Daniel Morar, 41, Suceava, Romania, was arraigned December 20, 2012, on a superseding indictment charging him with six counts of wire fraud, one count of conspiracy to commit wire fraud, nine counts of money laundering, one count of conspiracy to commit money laundering, and seven counts of false loan and credit applications. Federal authorities worked with Romanian law enforcement officials to arrest and extradite Morar to the United States from Romania in November of this year.
The indictment alleges that Morar recruited straw buyers, including one from Romania, who then submitted loan applications to lenders containing false information. The indictment further alleges that Morar, and other conspirators, received cash back at closing while concealing the cash back from lenders. In all, 26 homes went into foreclosure during the scheme, which resulted in at least $6.5 million in losses.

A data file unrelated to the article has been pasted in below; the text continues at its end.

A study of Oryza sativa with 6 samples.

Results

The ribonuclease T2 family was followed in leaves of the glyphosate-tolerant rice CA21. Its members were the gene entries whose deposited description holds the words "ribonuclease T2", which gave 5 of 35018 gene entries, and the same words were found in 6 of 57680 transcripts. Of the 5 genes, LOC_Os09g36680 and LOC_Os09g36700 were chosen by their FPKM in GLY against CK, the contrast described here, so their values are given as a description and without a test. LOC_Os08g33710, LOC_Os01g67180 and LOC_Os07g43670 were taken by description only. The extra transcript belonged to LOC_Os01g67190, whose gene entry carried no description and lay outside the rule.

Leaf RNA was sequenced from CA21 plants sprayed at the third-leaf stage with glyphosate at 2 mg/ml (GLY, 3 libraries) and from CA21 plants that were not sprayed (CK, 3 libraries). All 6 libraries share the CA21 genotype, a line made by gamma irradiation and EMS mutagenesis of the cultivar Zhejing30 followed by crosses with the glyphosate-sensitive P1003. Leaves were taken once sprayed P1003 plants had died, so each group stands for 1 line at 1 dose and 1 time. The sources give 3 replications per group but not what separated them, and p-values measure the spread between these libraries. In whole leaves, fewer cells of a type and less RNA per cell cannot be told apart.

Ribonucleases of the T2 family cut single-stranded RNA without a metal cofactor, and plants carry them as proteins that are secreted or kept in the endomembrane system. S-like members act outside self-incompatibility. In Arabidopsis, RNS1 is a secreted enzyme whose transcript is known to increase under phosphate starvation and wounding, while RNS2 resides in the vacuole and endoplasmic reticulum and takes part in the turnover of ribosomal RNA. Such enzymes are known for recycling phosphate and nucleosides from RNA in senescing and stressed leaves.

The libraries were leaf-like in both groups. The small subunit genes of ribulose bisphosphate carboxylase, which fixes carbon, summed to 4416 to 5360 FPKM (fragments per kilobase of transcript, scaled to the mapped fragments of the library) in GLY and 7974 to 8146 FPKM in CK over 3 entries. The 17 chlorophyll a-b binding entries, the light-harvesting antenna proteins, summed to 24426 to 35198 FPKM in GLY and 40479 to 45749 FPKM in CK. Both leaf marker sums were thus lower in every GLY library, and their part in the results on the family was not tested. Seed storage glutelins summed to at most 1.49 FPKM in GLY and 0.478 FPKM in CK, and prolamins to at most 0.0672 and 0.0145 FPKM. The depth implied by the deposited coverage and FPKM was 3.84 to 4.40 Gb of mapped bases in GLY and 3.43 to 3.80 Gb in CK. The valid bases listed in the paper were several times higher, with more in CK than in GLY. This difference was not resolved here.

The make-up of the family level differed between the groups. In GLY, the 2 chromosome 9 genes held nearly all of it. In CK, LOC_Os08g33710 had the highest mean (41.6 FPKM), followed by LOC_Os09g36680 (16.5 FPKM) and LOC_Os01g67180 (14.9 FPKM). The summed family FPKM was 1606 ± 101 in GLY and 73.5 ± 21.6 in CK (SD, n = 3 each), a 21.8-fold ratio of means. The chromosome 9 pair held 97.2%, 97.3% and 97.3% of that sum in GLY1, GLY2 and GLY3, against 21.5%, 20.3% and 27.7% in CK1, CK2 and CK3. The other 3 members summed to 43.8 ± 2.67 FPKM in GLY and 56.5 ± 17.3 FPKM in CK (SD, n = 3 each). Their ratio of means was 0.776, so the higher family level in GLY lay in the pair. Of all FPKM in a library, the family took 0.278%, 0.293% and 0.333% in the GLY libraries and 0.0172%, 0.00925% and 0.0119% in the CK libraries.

A superseding indictment is simply a method by which a person is charged with criminal activity and raises no inference of guilt. An individual is presumed innocent until competent evidence is presented to a jury that establishes guilt beyond a reasonable doubt.
The investigation in this case was conducted by the IRS-Criminal Investigations Division, and the FBI. The prosecution is being conducted by Assistant U.S. Attorneys Kevin M. Rapp and James R. Knapp, District of Arizona, Phoenix.
“Morar’s arrest and extradition from Romania demonstrates we view crimes involving mortgage fraud,” said U.S. Attorney John S. Leonardo. “Not only has mortgage fraud destroyed property values, lending institutions, and entire neighborhoods in our communities, but it has also resulted in the loss of tax revenues and jobs. Those who engage in mortgage fraud for personal profit at the expense of the public should expect to be held accountable to the fullest extent of the law.”